Hometown: McLean, Va.
Major: English, Art History Concentration
Between her dedication to literature, her constant dialogue with the university’s English Department, and her love of art in its many forms, one might think that senior Inés Vera has no room left in her life for something like politics. However, after attending a fellowship over the summer at the Hertog Institute, politics has quickly become one of Vera’s many passions.
“Growing up in D.C., politics [is] everywhere,” Vera said. “I was really disheartened by what I saw in D.C. as a kid. In my perspective, it was all ambition-driven, all ‘who-knows-who,’ always an agenda to push; I didn’t perceive any integrity within those that I saw working in politics. So I told myself that I hated politics and dug my head in the sand and refused to engage in any kind of political dialogue.”
Even as a senior, Vera has to take the Core class, Principles of American Politics. However, her first politics class at the University of Dallas was the American Presidency class, an elective taught by Dr. Dougherty. Vera commented that had she not completed her fellowship at Hertog, she never would have elected to willfully take such a class.
“When I applied for the fellowship at Hertog, I did it because I was going to get paid to take classes– every nerd’s dream,” Vera said. “I wrote in my application the only truth I actually held about politics; essentially, I discussed the notion that things are interdisciplinary; art and literature are things I love, and politics plays a huge role. There’s a symbiotic relationship between the three, and you need one to have the other. You need politics to protect your arts and culture. That was the push that got me to apply.”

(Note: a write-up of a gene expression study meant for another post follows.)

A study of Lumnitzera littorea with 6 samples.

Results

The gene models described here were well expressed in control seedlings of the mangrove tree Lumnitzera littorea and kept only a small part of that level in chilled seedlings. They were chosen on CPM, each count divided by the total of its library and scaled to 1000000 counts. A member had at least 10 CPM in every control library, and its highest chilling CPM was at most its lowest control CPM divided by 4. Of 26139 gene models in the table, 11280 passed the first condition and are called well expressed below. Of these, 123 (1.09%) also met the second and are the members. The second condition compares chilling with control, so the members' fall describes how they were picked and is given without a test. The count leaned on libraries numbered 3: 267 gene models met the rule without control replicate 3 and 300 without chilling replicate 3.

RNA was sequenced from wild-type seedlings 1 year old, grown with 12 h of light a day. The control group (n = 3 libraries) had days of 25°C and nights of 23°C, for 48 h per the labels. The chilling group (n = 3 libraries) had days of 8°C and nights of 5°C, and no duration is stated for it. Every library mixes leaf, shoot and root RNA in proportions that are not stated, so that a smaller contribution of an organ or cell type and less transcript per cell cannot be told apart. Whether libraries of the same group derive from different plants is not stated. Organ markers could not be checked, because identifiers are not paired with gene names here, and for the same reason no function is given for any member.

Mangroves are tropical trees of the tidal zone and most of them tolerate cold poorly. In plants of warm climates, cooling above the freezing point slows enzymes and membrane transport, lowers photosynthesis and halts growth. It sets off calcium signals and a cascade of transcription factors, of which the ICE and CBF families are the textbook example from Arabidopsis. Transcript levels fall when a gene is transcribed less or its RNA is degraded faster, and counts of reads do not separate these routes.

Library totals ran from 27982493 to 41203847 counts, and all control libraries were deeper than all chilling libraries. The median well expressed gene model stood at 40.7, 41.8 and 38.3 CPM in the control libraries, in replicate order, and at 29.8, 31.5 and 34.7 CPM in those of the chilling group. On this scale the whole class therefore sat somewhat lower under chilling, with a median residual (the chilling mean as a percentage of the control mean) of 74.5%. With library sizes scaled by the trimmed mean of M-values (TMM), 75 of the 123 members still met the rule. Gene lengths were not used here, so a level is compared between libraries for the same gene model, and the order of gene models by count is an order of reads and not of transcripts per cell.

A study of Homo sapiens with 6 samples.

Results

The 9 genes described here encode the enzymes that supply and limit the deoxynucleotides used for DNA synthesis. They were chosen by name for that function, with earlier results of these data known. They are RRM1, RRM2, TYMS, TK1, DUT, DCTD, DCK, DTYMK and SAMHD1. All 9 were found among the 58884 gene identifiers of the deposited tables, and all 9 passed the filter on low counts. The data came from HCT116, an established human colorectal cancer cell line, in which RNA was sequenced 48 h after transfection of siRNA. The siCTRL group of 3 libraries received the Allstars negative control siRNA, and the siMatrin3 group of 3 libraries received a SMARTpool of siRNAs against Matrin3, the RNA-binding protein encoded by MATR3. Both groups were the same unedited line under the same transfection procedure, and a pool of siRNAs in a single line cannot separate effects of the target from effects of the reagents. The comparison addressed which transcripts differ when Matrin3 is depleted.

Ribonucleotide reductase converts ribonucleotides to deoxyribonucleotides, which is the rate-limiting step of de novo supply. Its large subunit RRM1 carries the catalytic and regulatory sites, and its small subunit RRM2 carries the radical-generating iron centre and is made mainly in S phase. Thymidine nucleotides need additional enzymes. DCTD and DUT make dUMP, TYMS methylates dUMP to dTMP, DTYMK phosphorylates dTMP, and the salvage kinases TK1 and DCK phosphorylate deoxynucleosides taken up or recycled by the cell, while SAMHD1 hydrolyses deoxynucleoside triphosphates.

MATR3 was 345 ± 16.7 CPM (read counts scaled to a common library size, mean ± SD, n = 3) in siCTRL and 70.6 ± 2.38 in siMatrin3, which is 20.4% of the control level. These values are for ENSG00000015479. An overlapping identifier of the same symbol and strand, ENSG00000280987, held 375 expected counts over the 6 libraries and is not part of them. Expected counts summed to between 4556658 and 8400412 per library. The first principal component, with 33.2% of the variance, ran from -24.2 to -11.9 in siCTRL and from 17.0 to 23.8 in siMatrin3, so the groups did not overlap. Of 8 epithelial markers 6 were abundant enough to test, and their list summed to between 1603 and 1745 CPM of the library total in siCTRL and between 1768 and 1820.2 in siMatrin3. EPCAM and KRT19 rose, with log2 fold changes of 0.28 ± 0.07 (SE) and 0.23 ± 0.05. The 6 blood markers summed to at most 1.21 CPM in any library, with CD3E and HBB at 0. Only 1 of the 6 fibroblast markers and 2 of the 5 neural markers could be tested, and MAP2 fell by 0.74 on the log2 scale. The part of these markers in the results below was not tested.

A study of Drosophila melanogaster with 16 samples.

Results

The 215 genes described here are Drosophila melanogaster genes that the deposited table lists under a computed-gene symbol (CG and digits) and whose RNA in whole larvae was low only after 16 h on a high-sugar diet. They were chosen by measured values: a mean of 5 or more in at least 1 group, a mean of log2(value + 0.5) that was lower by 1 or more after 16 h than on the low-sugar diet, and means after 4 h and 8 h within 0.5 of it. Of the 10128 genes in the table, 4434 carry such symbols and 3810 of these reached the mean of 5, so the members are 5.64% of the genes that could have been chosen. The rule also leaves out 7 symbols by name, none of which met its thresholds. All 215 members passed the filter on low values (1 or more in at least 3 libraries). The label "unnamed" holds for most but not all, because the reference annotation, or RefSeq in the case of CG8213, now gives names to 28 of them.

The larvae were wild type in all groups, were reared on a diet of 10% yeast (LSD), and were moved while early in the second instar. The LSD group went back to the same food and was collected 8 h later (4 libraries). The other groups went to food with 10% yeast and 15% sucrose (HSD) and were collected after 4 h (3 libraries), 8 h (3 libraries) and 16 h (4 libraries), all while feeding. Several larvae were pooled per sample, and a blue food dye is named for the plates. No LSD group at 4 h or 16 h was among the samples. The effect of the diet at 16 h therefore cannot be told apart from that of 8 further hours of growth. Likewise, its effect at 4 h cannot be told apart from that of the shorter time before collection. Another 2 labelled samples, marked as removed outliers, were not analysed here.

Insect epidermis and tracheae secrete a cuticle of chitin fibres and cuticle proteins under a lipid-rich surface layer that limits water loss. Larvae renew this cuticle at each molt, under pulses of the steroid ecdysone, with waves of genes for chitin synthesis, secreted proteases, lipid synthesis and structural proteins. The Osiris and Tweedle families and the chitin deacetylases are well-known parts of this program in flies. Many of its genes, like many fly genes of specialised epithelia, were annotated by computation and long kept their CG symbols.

When she originally arrived at Hertog to complete her fellowship, she was still cynical about politics; however when she met the people there, her perspective was altered.
“I slowly learned that there were people out there that wanted to protect what I care about,” she said.
“I realized that the only way I can change the things that I hated is to do something. Going to Hertog was a call to action to protect the things that I felt passionate about, such as educational reform for the public school system and advocacy for a liberal arts education.”
Over the course of her two week fellowship, politics changed from a field Vera had never considered working in due to skepticism and disillusionment, into a possible career avenue.
“If you want to do something meaningful with your gifts, sometimes you have to do things you don’t necessarily like, but in the end hopefully it is rewarding,” Vera said. “It is a good reality check to deflate your ego to realize you might have been wrong; everyone needs it. Sometimes as a student, you spend so much time trying to convince the world that you’re right about certain things– especially in writing. My time at Hertog showed me that maybe politics wasn’t completely the heinous world that I had made it out to be.”